What eliminating the university tuition waiver is really about
From Sunday's column in The News-Gazette ...
In a stunning reversal from the George Ryan and Rod Blagojevich years, there’s a war on spending in Springfield: pensions, Medicaid, prisons, salaries, legislative scholarships, even the 50 percent tuition waivers for longtime university employees, an employee benefit that cost $8.1 million last year.
Just for the sake of comparison, another waiver — the controversial General Assembly scholarships — cost the state universities $13.5 million last year. Those oft-abused scholarships might be eliminated finally as more lawmakers stop awarding them.
But if they’re going down, some legislators figure, tuition waivers for employees should go, too.
That was clearly the position of Reps. Luis Arroyo and Edward Acevedo, both Chicago Democrats, who led the charge in a House committee last week to eliminate the employee tuition waivers. If a witness testified for the waivers, they’d ask, “What’s your position on legislative scholarships?”
Acevedo badgered one witness, suggesting that “poor people can’t go to college because they’re going to take away legislative scholarships, but it’s OK for people who make six-figure salaries to get 50 percent off on their scholarships, is that what you are telling me?”
That’s not what the man was telling Acevedo, but it doesn’t matter.
“I don’t think these will go away on their own,” said Sen. Mike Frerichs, D-Champaign. “And I don’t think this university-provided perk should go. But I have a feeling that if legislative scholarships are killed, these will go, too.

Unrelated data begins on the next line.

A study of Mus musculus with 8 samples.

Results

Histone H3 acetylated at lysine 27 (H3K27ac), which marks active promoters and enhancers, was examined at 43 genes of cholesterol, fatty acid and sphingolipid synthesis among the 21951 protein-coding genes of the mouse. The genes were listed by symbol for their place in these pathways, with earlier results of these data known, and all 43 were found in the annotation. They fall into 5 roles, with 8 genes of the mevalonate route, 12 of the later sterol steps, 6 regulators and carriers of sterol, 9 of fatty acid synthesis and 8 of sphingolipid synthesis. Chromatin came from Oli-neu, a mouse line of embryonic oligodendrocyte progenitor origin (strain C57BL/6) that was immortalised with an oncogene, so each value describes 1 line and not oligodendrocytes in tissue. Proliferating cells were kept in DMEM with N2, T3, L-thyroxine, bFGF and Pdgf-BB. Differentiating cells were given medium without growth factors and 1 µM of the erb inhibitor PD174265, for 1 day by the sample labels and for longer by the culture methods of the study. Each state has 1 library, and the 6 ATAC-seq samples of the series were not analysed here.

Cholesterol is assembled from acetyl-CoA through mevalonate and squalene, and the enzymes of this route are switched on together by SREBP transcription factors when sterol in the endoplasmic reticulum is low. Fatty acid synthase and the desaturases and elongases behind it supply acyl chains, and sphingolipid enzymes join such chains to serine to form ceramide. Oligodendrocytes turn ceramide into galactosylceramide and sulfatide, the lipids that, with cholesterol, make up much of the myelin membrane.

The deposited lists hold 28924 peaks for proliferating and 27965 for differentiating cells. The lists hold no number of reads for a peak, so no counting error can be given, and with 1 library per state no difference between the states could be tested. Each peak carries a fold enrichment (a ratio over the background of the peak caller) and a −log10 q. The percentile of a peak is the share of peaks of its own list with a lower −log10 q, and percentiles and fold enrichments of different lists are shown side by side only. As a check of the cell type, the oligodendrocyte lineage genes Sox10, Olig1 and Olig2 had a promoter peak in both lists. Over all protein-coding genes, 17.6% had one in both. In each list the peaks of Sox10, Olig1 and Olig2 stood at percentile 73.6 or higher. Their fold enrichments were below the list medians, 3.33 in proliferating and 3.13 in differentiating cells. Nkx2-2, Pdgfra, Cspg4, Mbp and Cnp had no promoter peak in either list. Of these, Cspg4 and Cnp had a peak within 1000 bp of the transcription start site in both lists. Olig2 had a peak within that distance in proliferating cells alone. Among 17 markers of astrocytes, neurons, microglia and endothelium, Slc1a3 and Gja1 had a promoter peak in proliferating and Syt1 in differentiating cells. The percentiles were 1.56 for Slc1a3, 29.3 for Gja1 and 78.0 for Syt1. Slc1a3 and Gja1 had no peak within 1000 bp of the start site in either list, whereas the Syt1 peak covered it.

“This is retribution for people who want to get rid of the General Assembly scholarships.”
Frerichs contends the universities, not the state, cover the cost of the tuition waivers as a part of their employee benefit structure, and they should be able to continue to do so.
Those in favor of the employee waivers said they benefit mostly lower-paid civil service employees at the universities, not well-heeled professors and administrators.
Rep. Mike Bost, R-Carbondale, said many constituents in his district “chose to take jobs there knowing that seven years down the road they were going to have children hoping to go to college.”
Over the last 10 years the University of Illinois’ Urbana campus has issued a total of $25.5 million in 50 percent employee tuition waivers, or about 700 annually worth $2.5 million.
Michael Roux, a UI employee since 2005, hopes to be able to take advantage of the benefit. In a letter he sent to Arroyo, Roux said his son Alex, a senior at Champaign Central who overcame leukemia nine years ago, has been accepted at the UI.
“One thing that attracted me to the job was the 50 percent tuition waiver benefit,” said Roux, who lives in Savoy. “At that point in 2005, Alex was seven years from potentially starting college. I wanted to put our family in position financially to better afford college for Alex, if he didn’t relapse.
“One of the responsibilities when I accepted the university job was multi-day overnight travel four to six times a year. I have been away from family for various birthdays, graduations, child achievements and illnesses because of my work travel; an obligation that I accepted and have honored since October 2005. During that time I have been approached for employment by other organizations, which I dismissed, partially because of the future earned benefit of the 50 percent tuition waiver.”
Roux said the waiver is “a key reason that I sought out the job and have stayed in my current position. My son Alex has put himself in a good academic position to go to college. Just as he reaches his college goal, and I reach the end of the seven-year vesting period, the benefit could be removed. I request that you reverse course on your plan to remove the tuition waiver. The state of Illinois made a commitment to its workers and, by extension, the workers’ families. My son Alex has done his part. Please do yours.”